Safety First: Welcoming Restaurant Employees Back
3 Min Read By Nick Pappas, David Harrison
Over the past few months, many restaurants made difficult decisions to reduce their workforce and apply a strict delivery and takeout format or pause operations entirely due to COVID-19.
As the fight against COVID-19 continues, more of those same restaurants have started considering—and even implementing—new plans for welcoming employees and customers back for in-person dining. The return of a more regular dining experience signals an encouraging step forward for owners and employees alike, however, caution is necessary. Unexpected downtime, when paired with a swift return to work, can present new risks to restaurant employees.
As members of Sentry Insurance’s safety team, we’ve compiled several tips and resources with those risks in mind to help your restaurant experience a safer return. Of course, before you take any employment action or reopening steps, you should consult an expert or a member of your human resources team about your restaurant’s circumstances.
Communicate Return Criteria
The key to a full return is a full workforce, but how you welcome your workforce back is equally important. Start by organizing a detailed plan for reintroducing your employees, while monitoring potentially unintended risks. Below are a few areas to consider:
- Frequently review wages and hours for employees who have modified duty or hours. Fair Labor Standards Act (FLSA) claims can derive from modified schedules or remote work.
- Familiarize yourself with the Families First Coronavirus Response Act. Claims can occur from violations of this new legislation due to paid leave changes relating to COVID-19.
- Evaluate and adhere to your restaurant’s Family and Medical Leave Act (FMLA) policy to reduce potential claims associated with time away from work related to the pandemic.
Your restaurant’s plan for welcoming employees back should follow objective criteria, focusing only on the abilities necessary for operations. After a plan is approved, communicate directly and often with employees about the primary information relating to their return. Such a large return can introduce uncertainty, therefore it’s important for your leadership team to serve as a resource and field any employee questions or concerns throughout the process.
As always, check your state and local employment regulations for additional guidance as your restaurant opens for in-person business.
Promote Employee Reconditioning
Once your restaurant has communicated its return strategy to employees, it’s time to turn your attention towards the duties, hours, and physical demands associated with each employee. If your restaurant temporarily paused operations or transitioned to takeout and delivery, employees may need a reconditioning period as they readjust to increased roles.
Before ramping up operations, conduct training meetings with staff to discuss your restaurant’s protocol for reporting injuries and symptoms. During the training, encourage employees to document physically demanding job duties such as heavy lifting to help identify and plan around potential injury risks. Supplement your restaurant’s safety further by training managers to spot the early warning signs of workplace injuries in employees.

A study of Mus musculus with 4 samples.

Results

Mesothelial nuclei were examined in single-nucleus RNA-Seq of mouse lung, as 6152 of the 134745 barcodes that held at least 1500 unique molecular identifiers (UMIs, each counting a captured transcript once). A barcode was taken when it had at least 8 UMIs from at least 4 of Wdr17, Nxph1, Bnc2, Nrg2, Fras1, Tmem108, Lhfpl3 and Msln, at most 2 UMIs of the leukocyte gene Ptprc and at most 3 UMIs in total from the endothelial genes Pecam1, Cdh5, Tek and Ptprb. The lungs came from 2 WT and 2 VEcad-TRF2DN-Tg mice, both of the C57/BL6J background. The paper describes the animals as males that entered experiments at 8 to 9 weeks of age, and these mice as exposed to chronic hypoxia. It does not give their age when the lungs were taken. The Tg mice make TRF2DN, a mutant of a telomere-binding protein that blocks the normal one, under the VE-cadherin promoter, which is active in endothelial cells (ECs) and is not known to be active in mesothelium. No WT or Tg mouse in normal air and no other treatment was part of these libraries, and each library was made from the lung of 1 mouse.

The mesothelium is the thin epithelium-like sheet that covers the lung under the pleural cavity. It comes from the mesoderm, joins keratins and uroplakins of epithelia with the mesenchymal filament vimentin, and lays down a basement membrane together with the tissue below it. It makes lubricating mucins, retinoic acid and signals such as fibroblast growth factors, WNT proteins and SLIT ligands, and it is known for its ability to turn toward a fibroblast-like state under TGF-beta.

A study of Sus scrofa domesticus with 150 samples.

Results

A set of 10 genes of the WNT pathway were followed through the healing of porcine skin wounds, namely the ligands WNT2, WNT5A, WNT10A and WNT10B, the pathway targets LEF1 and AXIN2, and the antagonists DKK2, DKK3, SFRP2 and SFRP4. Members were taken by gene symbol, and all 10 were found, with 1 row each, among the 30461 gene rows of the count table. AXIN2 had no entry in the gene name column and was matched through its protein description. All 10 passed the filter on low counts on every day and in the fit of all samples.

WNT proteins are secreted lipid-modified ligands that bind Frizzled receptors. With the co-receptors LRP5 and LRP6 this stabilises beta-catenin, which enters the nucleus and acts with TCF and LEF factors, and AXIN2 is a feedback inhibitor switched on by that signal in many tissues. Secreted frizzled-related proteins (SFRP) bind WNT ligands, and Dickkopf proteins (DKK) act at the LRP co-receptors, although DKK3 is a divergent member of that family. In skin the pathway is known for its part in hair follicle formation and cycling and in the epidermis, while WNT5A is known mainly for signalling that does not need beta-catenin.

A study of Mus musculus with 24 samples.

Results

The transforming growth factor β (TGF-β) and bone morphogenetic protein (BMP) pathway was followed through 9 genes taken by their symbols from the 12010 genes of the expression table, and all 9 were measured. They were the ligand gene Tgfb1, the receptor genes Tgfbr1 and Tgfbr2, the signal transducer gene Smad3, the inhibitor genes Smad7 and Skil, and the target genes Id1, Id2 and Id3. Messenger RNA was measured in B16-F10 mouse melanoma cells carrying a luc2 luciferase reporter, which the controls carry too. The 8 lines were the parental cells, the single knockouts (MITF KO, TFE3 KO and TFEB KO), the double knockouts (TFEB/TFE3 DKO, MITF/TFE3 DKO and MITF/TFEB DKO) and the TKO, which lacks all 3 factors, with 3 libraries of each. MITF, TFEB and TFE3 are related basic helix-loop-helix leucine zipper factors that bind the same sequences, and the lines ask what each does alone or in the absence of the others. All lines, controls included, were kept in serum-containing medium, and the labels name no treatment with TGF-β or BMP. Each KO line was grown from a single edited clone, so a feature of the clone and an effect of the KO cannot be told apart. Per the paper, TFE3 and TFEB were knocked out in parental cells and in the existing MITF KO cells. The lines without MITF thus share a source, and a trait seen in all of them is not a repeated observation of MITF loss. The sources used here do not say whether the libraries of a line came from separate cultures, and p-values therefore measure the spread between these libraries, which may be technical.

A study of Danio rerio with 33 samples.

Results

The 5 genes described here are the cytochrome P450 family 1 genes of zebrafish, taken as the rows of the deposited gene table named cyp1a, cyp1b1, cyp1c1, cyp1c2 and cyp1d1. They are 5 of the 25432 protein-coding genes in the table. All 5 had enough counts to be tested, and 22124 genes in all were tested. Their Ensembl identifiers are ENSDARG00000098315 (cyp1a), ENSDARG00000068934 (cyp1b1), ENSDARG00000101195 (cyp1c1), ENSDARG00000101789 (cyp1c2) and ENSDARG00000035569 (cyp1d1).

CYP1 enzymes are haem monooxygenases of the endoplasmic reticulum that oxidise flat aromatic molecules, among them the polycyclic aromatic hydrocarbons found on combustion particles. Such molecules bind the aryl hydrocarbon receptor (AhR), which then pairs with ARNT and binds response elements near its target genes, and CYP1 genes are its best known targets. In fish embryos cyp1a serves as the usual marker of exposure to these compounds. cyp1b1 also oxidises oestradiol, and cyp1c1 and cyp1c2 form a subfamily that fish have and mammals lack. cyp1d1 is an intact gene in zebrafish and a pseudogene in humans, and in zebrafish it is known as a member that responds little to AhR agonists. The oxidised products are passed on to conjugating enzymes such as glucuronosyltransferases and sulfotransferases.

The increased hours and responsibilities during your reopening phase may add further stress to an already stressful situation, therefore it’s important to help employees ease into their roles. If your restaurant has the necessary staff, designating additional job rotations and smaller but frequent breaks can help lessen the likelihood of workload burnout.
Foster Good Hygiene
As your restaurant puts the finishing touches on employee training, now is the time to set hygiene expectations. The CDC and National Restaurant Association provide continuously updated hygiene resources, which can, among others, serve as sources to help develop your restaurant’s specific guidelines.
In-person dining will pose unique hygiene challenges to your restaurant, particularly in high-traffic areas. Consider limiting bathroom capacities for both employees and customers to reduce person-to-person proximity. Once your restaurant knows the exact seating layout for customers, discuss a method for employees to direct foot traffic in one direction. This can provide an organized way for customers and employees to navigate your restaurant while maintaining a six-foot distance.
Due to the daily interactions involved with restaurant operations, adding similar social distancing methods to common customer and vendor exchanges can prove useful. Potential strategies include a no-contact method for greeting customers and requesting online payment options prior to supply deliveries. When vendors do arrive onsite, directing employees to meet them outside of the facility may provide more space for social distancing.
Finally, remind employees of personal hygiene best practices such as handwashing for at least 20 seconds, using hand sanitizers containing at least 60 percent alcohol, and avoiding hand contact to their nose, mouth, and eyes. Your restaurant’s local and state guidelines can provide more specific direction regarding employee face coverings. Supplying extra masks onsite may come in handy if customers or employees request one.
As your restaurant eyes an official reopening date, we hope the strategies we’ve covered in this article inspire new ways to promote a culture of safety in your workplace. By putting your employees' and customers' health and safety first, you're likely to emerge in a much stronger position as in-person dining returns.